Las Vegas Firefighters Work to Make Las Vegas Safest City in the Nation in 2014


The number one goal for our team for the New Year is to make Las Vegas as safe as possible. We’re committed to putting in the work and the new ideas to get there.


Local 1285 members have trained more than 1,000 Las Vegans in compression-only CPR this past year through free classes led by firefighters volunteering their own time to educate on the importance and imperatives of this life-saving tool.

“National statistics show that most people who survive flat line heart attack are assisted by a bystander before paramedics arrive,” said Scott Johnson, Local 1285 president. “Our teams go out into the community and within 20 minutes of the start of the presentation participants know how to save a human life. They don’t have to breathe into the victim’s mouth in order to save a life. They simply start compressions and when we arrive within four to six minutes, that heart attack victim can be pulled back from the brink of death.”

Johnson gives much of the credit for Las Vegas Firefighters’ success in this critical area to the Las Vegas City Council, Mayor Carolyn Goodman, and Las Vegas Fire & Rescue Chief William McDonald, who share firefighters’ vision for rapid response critical care.

“By working with Fire Chief McDonald, we have a goal of saving 50 percent of all cardiac arrest victims who are assisted by someone applying CPR in the field prior to our arrival,” said Johnson. “Now Chief McDonald has helped us take it to the next level with Pulse Point.”

The City of Las Vegas has implemented Pulse Point, a smart phone app that alerts members of the public when there is a medical emergency within 200 yards of their current location. The Pulse Point app is free and available for anyone to download. According to Red Cross statistics, most cardiac arrest victims who survive are given CPR by a bystander prior to arrival of paramedics.

“For us, working with our friends at the Red Cross to make this happen was a natural extension of the volunteer work we are actively involved in to help educate Las Vegans on simple yet critical steps people can take to help save the lives of heart attack victims,” said Johnson. “The number one goal for our team for the New Year is to make Las Vegas as safe as possible. We’re committed to putting in the work and the new ideas to get there.”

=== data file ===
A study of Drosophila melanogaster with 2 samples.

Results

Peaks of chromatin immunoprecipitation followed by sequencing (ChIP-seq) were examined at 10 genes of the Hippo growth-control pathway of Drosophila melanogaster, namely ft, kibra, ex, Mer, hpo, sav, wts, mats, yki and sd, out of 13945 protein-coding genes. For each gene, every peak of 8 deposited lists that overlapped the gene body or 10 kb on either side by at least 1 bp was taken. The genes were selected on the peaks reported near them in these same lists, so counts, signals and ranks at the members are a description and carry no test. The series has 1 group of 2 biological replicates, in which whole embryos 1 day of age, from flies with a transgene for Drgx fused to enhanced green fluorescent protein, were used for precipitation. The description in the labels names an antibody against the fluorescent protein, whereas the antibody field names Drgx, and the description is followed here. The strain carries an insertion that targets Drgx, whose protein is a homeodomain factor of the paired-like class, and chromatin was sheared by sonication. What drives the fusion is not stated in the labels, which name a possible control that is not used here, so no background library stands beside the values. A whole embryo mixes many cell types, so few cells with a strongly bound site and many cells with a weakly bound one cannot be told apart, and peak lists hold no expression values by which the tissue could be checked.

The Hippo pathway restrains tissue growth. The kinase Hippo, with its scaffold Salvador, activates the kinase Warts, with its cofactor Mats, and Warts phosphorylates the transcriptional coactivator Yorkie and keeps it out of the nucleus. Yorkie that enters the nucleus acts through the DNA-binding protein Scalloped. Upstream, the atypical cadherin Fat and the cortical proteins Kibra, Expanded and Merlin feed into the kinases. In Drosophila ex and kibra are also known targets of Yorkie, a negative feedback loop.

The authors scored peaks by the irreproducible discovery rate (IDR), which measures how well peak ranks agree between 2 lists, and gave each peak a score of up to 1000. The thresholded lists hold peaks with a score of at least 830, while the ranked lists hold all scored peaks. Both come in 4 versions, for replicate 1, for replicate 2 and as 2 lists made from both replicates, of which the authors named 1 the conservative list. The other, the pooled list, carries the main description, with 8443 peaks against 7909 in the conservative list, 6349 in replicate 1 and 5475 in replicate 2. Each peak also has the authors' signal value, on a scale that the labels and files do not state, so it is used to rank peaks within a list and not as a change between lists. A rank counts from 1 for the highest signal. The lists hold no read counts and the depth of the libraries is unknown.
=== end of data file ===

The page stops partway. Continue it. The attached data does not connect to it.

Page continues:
Las Vegas is among the safest cities in the nation for a person who has suffered cardiac arrest because of the highly advanced training of Las Vegas Firefighters’ Six-Person Rapid Response Teams and the technology professional firefighters deploy in the field. Las Vegas Firefighter paramedics arrive within an average of four to six minutes of a 911 call into the station and once a victim’s regular heartbeat returns, use therapeutic hypothermia to lower a heart attack victim’s immediate need for oxygen.

Local 1285 also recently teamed up with Southern Nevada Red Cross to hand out 1,500 smoke detectors to homes in the Las Vegas area between December 14 and the Martin Luther King, Jr. Day of Service, January 20, 2014. This effort is in conjunction with the Southern Nevada Red Cross’ effort, “Fire Hurts. Red Cross Helps,” which is a campaign to raise funding for local disaster response.

About Firefighters Local 1285
The International Association of Firefighters Local 1285, located in Las Vegas, represents the full-time professional firefighters and paramedics who protect residents and visitors in the City of Las Vegas. To learn more about the International Association of Firefighters Local 1285, visit, like them on Facebook at, or follow them on Twitter at @LVFireFacts.